T.J. Oshie Fakes Out Roberto Luongo, Canucks Leave as Losers

Yesterday, I predicted the three things that the Blues had to do in order to beat the Vancouver Canucks last night. I said, in this order: 

1. The kids need to do better getting into scoring situations;
2. The Blues have to keep the Canucks' Sedin brothers from being a factor; and
3. They need to play better on the power play, specifically by getting the puck to Brad Boyes or Keith Tkachuk. 
Meatloaf will tell you that two out of three ain't bad, but I think two and a half is even better, don't you? 
I think that's probably the first time in my career as a sports writer that I've ever written something predictive and had it actually work out almost exactly right. I'm not sure if that means I'm getting better at this job or only that the old axioms about blind squirrels, stopped clocks, and ugly hookers are all true. (What, your father didn't tell you the one about the ugly hooker? Huh, guess that was just me.)

The highlight of the game, for me at least, was the deke that T.J. Oshie put on Luongo that took him all the way to the ice.

I knew that Oshie had some moves, yes, but that was just absolutely ridiculous. I kept expecting him to pull the trigger, but he didn't. And didn't. And didn't. And finally he did, and Luongo just had no shot, having already tried to stop three shots he thought were coming. You just don't see Hall of Fame goalies get beaten like that too very often.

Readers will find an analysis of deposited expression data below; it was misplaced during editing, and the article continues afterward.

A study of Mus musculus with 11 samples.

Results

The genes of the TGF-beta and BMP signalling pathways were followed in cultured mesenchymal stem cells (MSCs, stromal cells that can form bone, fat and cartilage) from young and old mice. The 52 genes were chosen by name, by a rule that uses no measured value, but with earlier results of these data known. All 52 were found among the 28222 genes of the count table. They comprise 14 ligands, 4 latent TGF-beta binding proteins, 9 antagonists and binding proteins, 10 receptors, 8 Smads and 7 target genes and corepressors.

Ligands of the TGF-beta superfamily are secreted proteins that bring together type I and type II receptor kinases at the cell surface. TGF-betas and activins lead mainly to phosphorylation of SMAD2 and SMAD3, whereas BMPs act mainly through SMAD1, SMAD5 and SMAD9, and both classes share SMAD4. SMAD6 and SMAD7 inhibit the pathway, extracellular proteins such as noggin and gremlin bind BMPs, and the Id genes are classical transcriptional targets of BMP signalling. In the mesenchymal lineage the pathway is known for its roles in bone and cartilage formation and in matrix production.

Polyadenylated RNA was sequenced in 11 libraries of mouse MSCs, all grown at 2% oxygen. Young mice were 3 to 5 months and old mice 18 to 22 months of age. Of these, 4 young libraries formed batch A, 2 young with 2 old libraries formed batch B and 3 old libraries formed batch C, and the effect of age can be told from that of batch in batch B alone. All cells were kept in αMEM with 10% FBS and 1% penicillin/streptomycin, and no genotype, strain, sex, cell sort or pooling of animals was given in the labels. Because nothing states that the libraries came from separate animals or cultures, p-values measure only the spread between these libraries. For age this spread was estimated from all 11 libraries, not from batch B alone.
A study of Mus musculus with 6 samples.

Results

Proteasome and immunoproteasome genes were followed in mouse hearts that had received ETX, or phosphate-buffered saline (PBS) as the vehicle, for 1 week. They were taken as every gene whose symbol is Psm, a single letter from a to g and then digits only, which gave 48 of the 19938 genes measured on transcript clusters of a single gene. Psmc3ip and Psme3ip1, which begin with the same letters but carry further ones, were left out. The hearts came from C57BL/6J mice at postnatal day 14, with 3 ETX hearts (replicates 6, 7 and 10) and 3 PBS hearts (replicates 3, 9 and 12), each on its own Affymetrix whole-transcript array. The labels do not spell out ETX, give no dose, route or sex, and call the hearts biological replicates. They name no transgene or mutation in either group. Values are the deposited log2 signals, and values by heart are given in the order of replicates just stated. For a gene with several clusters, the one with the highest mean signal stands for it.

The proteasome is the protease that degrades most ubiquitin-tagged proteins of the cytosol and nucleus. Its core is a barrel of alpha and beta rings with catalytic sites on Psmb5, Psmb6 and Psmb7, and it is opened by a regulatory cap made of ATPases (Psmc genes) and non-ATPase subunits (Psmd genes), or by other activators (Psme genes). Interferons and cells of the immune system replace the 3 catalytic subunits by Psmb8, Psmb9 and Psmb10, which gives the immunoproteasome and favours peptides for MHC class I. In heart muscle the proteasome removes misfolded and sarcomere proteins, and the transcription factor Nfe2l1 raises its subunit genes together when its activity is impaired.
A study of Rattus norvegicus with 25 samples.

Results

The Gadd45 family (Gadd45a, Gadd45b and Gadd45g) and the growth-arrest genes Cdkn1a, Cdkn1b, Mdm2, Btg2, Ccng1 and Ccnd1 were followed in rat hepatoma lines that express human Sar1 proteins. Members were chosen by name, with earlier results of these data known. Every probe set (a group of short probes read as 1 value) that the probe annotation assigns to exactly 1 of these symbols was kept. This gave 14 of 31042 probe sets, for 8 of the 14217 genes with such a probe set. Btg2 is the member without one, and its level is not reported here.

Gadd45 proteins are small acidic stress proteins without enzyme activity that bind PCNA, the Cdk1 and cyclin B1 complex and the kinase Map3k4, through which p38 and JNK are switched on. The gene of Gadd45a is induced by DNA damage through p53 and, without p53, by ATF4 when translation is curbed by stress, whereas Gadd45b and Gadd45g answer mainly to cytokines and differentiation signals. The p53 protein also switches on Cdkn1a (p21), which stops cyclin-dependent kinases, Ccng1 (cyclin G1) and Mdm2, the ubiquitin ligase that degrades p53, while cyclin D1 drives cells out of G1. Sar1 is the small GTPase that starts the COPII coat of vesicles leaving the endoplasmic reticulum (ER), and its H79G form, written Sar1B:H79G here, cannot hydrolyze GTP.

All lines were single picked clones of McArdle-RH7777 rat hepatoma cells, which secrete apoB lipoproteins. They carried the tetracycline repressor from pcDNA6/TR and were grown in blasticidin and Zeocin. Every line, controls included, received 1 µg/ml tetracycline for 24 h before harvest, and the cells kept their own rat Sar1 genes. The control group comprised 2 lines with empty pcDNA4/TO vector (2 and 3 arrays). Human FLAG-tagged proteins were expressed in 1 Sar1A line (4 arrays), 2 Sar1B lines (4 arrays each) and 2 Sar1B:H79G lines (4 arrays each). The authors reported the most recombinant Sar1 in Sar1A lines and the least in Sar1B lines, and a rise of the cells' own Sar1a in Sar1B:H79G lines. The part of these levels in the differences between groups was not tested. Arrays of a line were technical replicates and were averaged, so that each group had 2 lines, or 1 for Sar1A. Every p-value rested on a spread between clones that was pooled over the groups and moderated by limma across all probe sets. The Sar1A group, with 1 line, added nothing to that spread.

In fact, I'll go out on a limb and say that's the first time I've ever seen Luongo get beaten that badly. All right, yes, I will admit I've only seen Roberto Luongo play in person maybe a half dozen times or so, but the point remains valid, I think. Semi-valid at least. 

As for the Sedins, the scoresheet tells the tale: Henrik had an assist, and Daniel drew a tripping penalty. That's it. Not too bad, to turn that sort of a dynamic combo into two lines in a box score. You look at Vancouver wins, and the name Sedin is plastered all over the place. Score one, and a big one at that, for the Blues' defense.  

The only thing I was off the mark on, really, was the power play. Neither Boyes nor Tkachuk were really much involved with the power play, but the Blues got a goal out of it anyway. That's actually probably even more encouraging to me; to see a David Perron put one in the net on the man advantage, rather than having to rely on the same guys every single time. 

Overall, it was as good a performance as you could possibly hope for; I honestly can't find a bad thing to say about the game. And given my own performance, I am proud to announce that I'm hanging up my prognosticator's hat. Never again will I predict anything.